5 July 2018
UK industry will design a future Mars rover and benefit from a new commercial model for space exploration, Science Minister Sam Gyimah announced today on a visit, along with ESA astronaut Tim Peake, to the Harwell Space Cluster in Oxfordshire.
A new rover set to visit Mars and collect the first ever samples from the planet to be brought back safely to Earth, will be designed in Stevenage by Airbus following the award of a £3.9 million contract by the European Space Agency (ESA).
STFC RAL Space’s Autonomous Systems Group are also contributing to this ESA Mars rover mission and during the visit to Harwell the Minister, joined by British ESA astronaut Tim Peake, spent time at the RAL Space facility which is to be the home of the UK’s National Satellite Test Facility.
The ‘sample fetch rover’ will retrieve samples left by NASA’s Mars 2020 rover and transfer them to an ascent vehicle. This will put them into orbit about the planet, where they will then be brought back to Earth by a separate spacecraft.
Science Minister Sam Gyimah said:
“This remarkable new project, which will see samples brought back from Mars to Earth for the first time ever, demonstrates Britain’s world-leading scientific and engineering innovation.
“Winning this contract builds on the UK’s world-renowned expertise in space and robotics which the government is supporting through the UK Space Agency and the major investments in our modern Industrial Strategy.
“One rover bound for Mars in 2020 is already under construction by Airbus in Stevenage and the knowledge and expertise honed there will now be applied to designing this new mission, which aims to safely deliver – for the first time – material to Earth from another planet.”
Dr Chris Mutlow, Director of STFC RAL Space, said: “I was delighted that the Minister was able to visit RAL Space for the first time and to welcome Tim Peake back to Harwell. Especially now when RAL Space and companies across the space cluster are involved in some truly cutting edge space projects and partnerships, from Mars sample return to our very own National Satellite Test Facility. We’re proud to be the hub for UK space technology development.”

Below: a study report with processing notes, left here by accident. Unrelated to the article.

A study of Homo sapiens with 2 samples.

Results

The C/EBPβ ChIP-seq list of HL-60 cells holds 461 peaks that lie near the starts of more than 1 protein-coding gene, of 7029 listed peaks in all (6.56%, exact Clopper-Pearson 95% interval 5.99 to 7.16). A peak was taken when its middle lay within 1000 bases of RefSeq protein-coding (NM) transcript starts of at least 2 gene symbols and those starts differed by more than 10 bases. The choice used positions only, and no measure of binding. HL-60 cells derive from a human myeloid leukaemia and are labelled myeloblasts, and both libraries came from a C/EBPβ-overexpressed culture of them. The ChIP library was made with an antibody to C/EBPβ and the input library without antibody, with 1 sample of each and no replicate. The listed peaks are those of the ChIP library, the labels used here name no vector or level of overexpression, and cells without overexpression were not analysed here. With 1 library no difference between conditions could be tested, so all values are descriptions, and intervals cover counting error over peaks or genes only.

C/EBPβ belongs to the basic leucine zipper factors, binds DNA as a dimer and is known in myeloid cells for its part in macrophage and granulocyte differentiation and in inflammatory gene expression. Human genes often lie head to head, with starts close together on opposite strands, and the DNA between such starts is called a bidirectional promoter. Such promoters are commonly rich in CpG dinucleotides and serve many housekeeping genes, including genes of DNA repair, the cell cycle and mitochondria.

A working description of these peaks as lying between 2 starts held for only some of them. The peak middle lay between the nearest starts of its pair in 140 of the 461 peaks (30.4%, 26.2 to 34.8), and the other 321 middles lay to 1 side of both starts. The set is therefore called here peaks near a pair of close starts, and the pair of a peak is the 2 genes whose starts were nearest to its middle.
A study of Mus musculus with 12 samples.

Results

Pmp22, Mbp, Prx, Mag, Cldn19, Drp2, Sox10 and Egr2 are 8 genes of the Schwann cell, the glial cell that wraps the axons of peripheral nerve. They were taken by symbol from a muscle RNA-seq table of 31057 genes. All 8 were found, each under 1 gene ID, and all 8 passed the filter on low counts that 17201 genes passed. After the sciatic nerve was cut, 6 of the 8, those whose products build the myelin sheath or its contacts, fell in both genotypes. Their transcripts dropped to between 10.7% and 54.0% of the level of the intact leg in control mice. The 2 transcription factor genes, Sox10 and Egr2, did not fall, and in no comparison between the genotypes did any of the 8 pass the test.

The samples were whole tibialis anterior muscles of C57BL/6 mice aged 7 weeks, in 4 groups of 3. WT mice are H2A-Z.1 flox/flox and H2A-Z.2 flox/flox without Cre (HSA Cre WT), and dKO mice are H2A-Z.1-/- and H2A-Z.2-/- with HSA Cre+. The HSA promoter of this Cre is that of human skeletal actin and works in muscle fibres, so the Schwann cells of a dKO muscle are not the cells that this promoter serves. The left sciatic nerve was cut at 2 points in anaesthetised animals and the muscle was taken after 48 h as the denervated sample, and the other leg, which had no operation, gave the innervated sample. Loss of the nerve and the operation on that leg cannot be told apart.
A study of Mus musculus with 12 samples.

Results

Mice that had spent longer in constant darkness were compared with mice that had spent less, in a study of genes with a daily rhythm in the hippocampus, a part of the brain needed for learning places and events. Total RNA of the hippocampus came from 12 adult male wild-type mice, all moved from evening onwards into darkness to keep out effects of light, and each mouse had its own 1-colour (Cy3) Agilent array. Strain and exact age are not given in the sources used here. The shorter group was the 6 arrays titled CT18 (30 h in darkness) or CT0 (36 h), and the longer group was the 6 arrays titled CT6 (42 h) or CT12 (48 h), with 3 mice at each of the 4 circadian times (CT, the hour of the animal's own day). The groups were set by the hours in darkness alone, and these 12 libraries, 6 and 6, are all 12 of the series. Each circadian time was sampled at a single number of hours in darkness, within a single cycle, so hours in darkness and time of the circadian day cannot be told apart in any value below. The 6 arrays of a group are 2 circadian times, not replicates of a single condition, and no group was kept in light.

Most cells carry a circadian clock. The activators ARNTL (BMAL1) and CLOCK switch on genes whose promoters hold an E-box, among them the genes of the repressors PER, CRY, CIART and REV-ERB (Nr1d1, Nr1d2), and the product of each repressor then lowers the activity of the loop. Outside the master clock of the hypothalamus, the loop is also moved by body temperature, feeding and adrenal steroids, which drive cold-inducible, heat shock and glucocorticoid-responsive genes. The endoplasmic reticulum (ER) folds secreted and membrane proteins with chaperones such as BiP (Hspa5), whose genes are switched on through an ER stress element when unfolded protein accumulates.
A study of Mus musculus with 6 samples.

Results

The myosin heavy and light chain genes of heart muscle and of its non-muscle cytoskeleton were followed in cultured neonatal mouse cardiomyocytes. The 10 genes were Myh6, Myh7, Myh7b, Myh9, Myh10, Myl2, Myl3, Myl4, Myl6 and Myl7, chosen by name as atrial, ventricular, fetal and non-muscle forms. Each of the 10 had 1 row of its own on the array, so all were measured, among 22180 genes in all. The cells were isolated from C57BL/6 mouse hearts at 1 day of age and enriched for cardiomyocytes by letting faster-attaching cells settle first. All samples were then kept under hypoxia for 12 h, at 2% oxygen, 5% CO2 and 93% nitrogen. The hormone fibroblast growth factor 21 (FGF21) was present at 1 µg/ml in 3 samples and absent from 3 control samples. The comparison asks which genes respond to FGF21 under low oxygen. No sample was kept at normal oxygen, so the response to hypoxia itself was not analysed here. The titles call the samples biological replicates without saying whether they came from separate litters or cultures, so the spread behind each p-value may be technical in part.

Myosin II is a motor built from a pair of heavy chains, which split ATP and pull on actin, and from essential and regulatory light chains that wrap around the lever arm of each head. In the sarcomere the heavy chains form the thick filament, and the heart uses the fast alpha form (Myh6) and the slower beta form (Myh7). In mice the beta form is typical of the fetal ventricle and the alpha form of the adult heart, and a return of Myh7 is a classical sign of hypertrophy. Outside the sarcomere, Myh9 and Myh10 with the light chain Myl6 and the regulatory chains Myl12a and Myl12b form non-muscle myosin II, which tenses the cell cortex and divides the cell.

The UK is a founding member of ESA, which is independent of the European Union. This means the UK’s membership will continue after we leave the EU, delivering economic benefits and ensuring British companies, universities and other organisations continue to be at the forefront of space exploration, satellite manufacture and technology applications.
British ESA astronaut Tim Peake said: “It’s the dawn of an exciting new era where businesses and space agencies are working closer than ever before on ambitious missions to explore our solar system and deliver real benefits people’s lives. I’m excited to see what the future holds for collaborations between the UK and ESA, which will see us reach for the Moon, Mars and beyond.”
Tim Peake joined the science minister at the European Centre for Space Applications and Telecommunications, which employs 103 staff at Harwell and has supported hundreds of UK companies. As the leading funder of ESA’s ARTES programme into telecommunications research the UK sees one in four commercial telecommunications satellites substantially built in the UK.
The UK space sector is growing, worth £13.7 billion to the economy and employing more than 38,000 people across the country. The UK is a world-leader in small satellite technology, telecommunications, robotics and earth observation, while British universities are some of the best in the world for space science. As technology evolves and reduces the cost of access to space, there is an exciting opportunity for the UK to thrive in the commercial space age.
STFC RAL Space is an integral part of the Science and Technology Facilities Council's (STFC) Rutherford Appleton Laboratory (RAL). RAL Space carries out world-class space research and technology development with involvement in over 210 space missions to date.
Harwell Science and Innovation Campus
With a heritage of 75 years at the forefront of UK innovation and discovery, Harwell Campus continues to drive scientific advancements to the benefit of the UK economy and to improve the human condition, centred around an open innovation community and culture.
The Space Cluster at Harwell has grown from two to 80 organisations over the past eight years and is testament to the power of Space to drive national growth and support the UK Space Sector as it aims for a 10% share of the global Space market by 2030.